Giving Church Another Chance
by Todd D. Hunter
I played serious baseball while in college—well serious to me! I was a catcher. Before every game we had meetings for pitchers and catchers to go over scouting reports and how we would pitch every batter. We discussed which opposing hitters were hot at the time, which players were not hitting certain pitches in certain parts of the strike zone, and where batters tended to hit certain pitches so we could position the defense. As important as these meetings were, we never mistook them for the game.
Those meetings prepared us for the real thing: the competition. Church and its historic activities and practices should be viewed in the same pregame manner. They enable us to do what we long to do: excel as followers of Jesus in the 167 hours per week we are not in church.
This is not a perfect analogy, but to help you see how the spiritual practices of church work with being sent by Christ, think of athletes and other public performers. Those of us who have watched a major athletic event or professional performance on television have probably seen an athlete in a locker room or performer in a dressing room engaged in deep, personal, private time. Perhaps they are visualizing and imagining just how they want to sing on stage or attack their opponent on the field. Maybe they are quietly filling their minds with positive thoughts, remembering the times they have done well, believing that they can do so again. These are common practices of elite performers.
Now imagine you left the TV but have come back an hour later and the event is running late. The camera crew is looking for the performer, who is still in the dressing room, in church mode. That would be odd. No performer ever confuses the preshow preparation with the show. The former always exists for the latter. It leads to the stage.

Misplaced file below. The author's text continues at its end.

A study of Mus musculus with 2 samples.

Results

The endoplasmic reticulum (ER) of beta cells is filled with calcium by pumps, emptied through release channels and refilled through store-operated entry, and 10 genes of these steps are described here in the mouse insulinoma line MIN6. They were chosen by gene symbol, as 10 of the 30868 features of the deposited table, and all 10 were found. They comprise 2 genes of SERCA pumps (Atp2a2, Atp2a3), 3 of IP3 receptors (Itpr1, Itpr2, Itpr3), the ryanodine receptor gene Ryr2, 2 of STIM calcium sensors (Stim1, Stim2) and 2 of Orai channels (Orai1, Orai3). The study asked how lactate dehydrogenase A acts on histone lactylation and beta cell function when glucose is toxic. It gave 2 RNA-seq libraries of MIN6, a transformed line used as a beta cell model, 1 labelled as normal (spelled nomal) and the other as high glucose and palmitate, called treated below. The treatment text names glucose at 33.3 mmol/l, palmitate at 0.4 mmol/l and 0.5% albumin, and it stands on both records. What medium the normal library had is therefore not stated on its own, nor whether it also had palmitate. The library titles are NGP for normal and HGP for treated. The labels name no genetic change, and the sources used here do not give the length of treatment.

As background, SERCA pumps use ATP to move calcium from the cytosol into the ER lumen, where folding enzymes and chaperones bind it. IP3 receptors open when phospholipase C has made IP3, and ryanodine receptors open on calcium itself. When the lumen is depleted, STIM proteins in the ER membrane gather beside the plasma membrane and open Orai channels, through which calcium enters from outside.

Most every human activity has meetings associated with it. Corporate marketing teams meet, sports teams meet, surgical teams meet, teachers meet—but none of them confuse the meetings with the real task. Meetings exist to facilitate the actual work.
As fed up as many people are with church meetings, I don’t think the church needs to quit meeting; nor does it need to make the meetings more hip. The people of God have met weekly in tabernacles, temples, church buildings and homes for thousands of years, and they will continue to do so. But the church needs to rethink the purpose of its meetings.
I am not antichurch. . . . I assume that church is what it is, for better or for worse. . . . Like most human endeavors, the church has meetings associated with it. Unfortunately, while most people do not confuse meetings with their work (the game or show), churchgoers often do.
I have discovered that Christianity is not just composed of the right stuff, accurate beliefs and correct ingredients. Over the years I learned that I needed to find some right practices to make the right stuff work. A rocket can be assembled with all the right parts, but if someone messes up launch procedures, the whole thing turns into a catastrophe. Lots of people, from various disciplines and points of view are wondering aloud today whether the church has become a catastrophe of sorts.
In response to my own experience, and taking into consideration the critics of Christianity, I believe we have discovered all the right bits of stuff, assembled them and defended them from the contrary elements of society, but we forgot how to launch the rocket.
I believe in “going” to church. I go every week. I have been a church leader since I was nineteen years old. But I have also experienced a five-year hiatus from normal Sunday meetings. (Don’t worry; I didn’t “forsake meeting together” with the body of Christ, I just experimented with other forms of church.) At first it felt good to be liberated.
But it wasn’t so great, actually. I found that in my “antichurch” home or coffee shop groups and many of the others I have known, the focus stays on the meeting: what style, who leads, when and where we meet and so forth. Thus I dare say that we need to repractice church—no matter when, where, size, leadership—so that the natural fruit becomes followers of Jesus who are ambassadors of God’s kingdom.
Copyright © 2010 by Todd Hunter
Todd Hunter’s book Giving Church Another Chance is available in March 2010 from InterVarsity Press.